Eating and drinking place sales declined 0.7% on a seasonably adjusted basis in March, according to the U.S. Department of Commerces monthly estimates of retail and foodservice sales. The overall softening of retail sales caught Wall Street by surprise last week and hammered stocks.
This raises the question of whether overall foodservice sales are beginning to show the effects of sustained high gasoline prices, higher interest rates and small declines in consumer confidence. And furthermore, is any operator softness undercutting equipment and supplies sales?
Last years spike in oil and gasoline prices did affect overall restaurant traffic and sales, particularly in the second quarter of 2004. Most of the effect was on smaller and independent operators, as the big chains continued to show strong growth.
Until now, there has been little sign the latest round of high gasoline prices and the gradual rise in interest rates were having any affect on restaurant sales. The National Restaurant Associations Restaurant Performance Index dropped in January but bounced back in February. On the other hand, the surveys measure of current and future capital expenditure has run flat to negative.
The big chains are still showing positive same-store sales gains, according to Michele Schmal, v.p. at Rosemont, Ill.-based NPD Foodworld, which monitors the sales of nearly 60 big quick-service and midscale chains through its weekly SalesTrac study.
At the same time, most measures of consumer confidence have been falling. The University of Michigan Index of Consumer Sentiment fell to 92.6 from 94.1 in February. It stood at 95.8 in March of 04. The Index of Consumer Expectations, meanwhile, fell to 82.8 in March this year from 84.4 in February. Last year in March, it stood at 88.8.
"Although the overall level of confidence has remained at a relatively high level," said Richard Curtin, the universitys director of Surveys of Consumers, "the details indicate a significant shift in consumer spending is underway."
Other consumer confidence measures, including that fielded by ABC News/The Washington Post have also shown declines, particularly during the last weeks of March.
Still, overall foodservice sales and sales of E&S do not appear at great risk. As Hudson Riehle, NRAs v.p. of research and information services, said referring to higher gas prices effect on foodservice: "Nothing good ever comes of taking more money out of consumers pockets." But he noted the association anticipated some "deceleration of growth" in the 05 forecast and "overall the health and vitality of the industry continues."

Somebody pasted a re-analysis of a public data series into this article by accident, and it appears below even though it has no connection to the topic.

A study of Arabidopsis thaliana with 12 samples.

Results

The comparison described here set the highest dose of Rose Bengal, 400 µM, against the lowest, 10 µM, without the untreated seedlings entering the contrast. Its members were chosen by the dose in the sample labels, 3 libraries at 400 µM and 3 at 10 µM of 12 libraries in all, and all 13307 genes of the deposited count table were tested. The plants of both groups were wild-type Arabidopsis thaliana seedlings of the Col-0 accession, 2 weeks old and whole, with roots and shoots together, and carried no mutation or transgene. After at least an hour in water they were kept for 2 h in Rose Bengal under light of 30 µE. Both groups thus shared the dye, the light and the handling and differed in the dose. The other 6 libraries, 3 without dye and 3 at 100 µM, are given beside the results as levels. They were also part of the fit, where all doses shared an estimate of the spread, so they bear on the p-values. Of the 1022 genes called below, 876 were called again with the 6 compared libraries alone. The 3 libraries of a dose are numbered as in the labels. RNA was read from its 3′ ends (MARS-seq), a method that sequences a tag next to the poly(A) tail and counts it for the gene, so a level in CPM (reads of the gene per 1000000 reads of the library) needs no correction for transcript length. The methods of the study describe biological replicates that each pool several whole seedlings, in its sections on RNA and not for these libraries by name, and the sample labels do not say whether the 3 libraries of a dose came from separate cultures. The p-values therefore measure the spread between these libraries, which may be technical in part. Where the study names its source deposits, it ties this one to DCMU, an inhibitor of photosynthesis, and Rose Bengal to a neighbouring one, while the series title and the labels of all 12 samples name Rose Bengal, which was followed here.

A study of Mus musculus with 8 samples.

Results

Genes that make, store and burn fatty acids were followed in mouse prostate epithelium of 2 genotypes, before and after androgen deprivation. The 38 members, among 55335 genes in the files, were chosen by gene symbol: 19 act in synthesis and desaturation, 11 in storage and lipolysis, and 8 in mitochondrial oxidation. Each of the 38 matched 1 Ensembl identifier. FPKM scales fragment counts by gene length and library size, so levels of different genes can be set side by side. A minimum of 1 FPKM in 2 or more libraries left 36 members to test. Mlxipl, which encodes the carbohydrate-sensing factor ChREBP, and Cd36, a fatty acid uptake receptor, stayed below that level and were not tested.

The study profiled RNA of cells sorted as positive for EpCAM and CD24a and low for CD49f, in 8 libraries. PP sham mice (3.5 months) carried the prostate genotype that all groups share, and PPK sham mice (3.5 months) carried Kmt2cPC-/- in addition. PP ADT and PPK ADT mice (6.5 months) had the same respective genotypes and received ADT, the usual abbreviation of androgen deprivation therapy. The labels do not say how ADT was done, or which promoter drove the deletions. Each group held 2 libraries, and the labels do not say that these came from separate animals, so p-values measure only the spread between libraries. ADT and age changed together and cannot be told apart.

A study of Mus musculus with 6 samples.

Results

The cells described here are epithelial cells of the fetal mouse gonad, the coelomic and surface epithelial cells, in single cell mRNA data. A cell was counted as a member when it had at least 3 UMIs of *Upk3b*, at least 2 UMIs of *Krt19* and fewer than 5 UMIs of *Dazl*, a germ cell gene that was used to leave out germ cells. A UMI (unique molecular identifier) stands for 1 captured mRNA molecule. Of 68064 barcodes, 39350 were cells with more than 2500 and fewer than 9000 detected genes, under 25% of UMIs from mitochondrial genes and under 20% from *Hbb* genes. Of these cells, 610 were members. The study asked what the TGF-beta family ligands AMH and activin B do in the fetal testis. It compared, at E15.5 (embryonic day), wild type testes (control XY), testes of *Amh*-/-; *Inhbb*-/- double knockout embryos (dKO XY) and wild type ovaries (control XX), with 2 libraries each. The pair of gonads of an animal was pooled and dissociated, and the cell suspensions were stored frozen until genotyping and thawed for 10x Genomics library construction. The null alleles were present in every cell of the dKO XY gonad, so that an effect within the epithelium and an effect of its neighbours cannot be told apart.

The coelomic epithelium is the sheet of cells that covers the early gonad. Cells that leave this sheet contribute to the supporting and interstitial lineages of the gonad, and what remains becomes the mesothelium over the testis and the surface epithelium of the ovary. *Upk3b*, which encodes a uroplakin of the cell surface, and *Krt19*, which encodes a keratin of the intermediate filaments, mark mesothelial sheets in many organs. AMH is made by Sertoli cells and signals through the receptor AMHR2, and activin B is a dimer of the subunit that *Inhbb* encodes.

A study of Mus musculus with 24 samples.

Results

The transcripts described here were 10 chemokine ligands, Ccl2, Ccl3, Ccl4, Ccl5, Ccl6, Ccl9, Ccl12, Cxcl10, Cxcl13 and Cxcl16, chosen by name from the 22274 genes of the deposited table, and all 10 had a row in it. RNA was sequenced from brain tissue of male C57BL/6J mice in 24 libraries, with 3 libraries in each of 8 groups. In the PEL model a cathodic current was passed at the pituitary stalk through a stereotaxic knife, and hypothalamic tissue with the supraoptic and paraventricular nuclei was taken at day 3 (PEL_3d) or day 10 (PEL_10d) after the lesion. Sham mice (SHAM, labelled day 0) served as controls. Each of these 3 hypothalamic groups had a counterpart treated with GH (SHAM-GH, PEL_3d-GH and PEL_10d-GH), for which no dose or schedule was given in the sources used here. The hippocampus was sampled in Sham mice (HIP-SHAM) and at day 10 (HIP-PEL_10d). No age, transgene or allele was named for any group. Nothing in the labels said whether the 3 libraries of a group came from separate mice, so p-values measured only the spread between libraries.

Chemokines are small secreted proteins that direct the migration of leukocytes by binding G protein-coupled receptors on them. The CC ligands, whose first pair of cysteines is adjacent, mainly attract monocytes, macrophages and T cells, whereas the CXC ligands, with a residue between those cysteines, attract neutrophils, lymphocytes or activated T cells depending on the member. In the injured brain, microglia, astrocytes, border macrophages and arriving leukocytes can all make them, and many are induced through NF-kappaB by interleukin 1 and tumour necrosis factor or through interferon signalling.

Equipment and supplies sales seem so far unaffected. Jerry Hyman, president of Tri-Mark USA, says his companys first quarter sales were "significantly ahead of the first quarter of 04. Contract, national account and street sales were all up. We havent seen any sign that weakening sales are trickling down to the operators we call on."
The president of a distributor with national reach echoes this. "Were up quite substantially versus last year in all the major metro markets we serve and this includes our smaller family-restaurant customers."
A leading broadbased manufacturer of supplies and equipment confirms that his company has seen no sign of softening. Sales through the first quarter just ended have been consistently strong, including those in recent weeks.
Ironically, the fact that gas prices have risen so high might actually be minimizing their effect on foodservice. Steve Grover, v.p. of food safety, quality assurance and regulatory compliance at Burger King, tells Fortnightly that quick-service sales usually come from pocket change. "Now that gas prices are so high," he says, "people have to use the credit card for gas. We think this is helping us maintain our positive trends."
And some of the forces retarding consumer spending and confidence should not affect the big chain and specification/contract segments of the E&S market, at least in the short-term. Chain business remains strong and numerous players have said the spec markets are rebounding finally.
Still, in the long run, some economists and most of those in the industry we spoke with are becoming concerned that the U.S. economy could soften if oil prices remain stubbornly high and the Federal Reserve is compelled to continue to raise interest rates to stifle any inflationary effects. As usual, time will tell.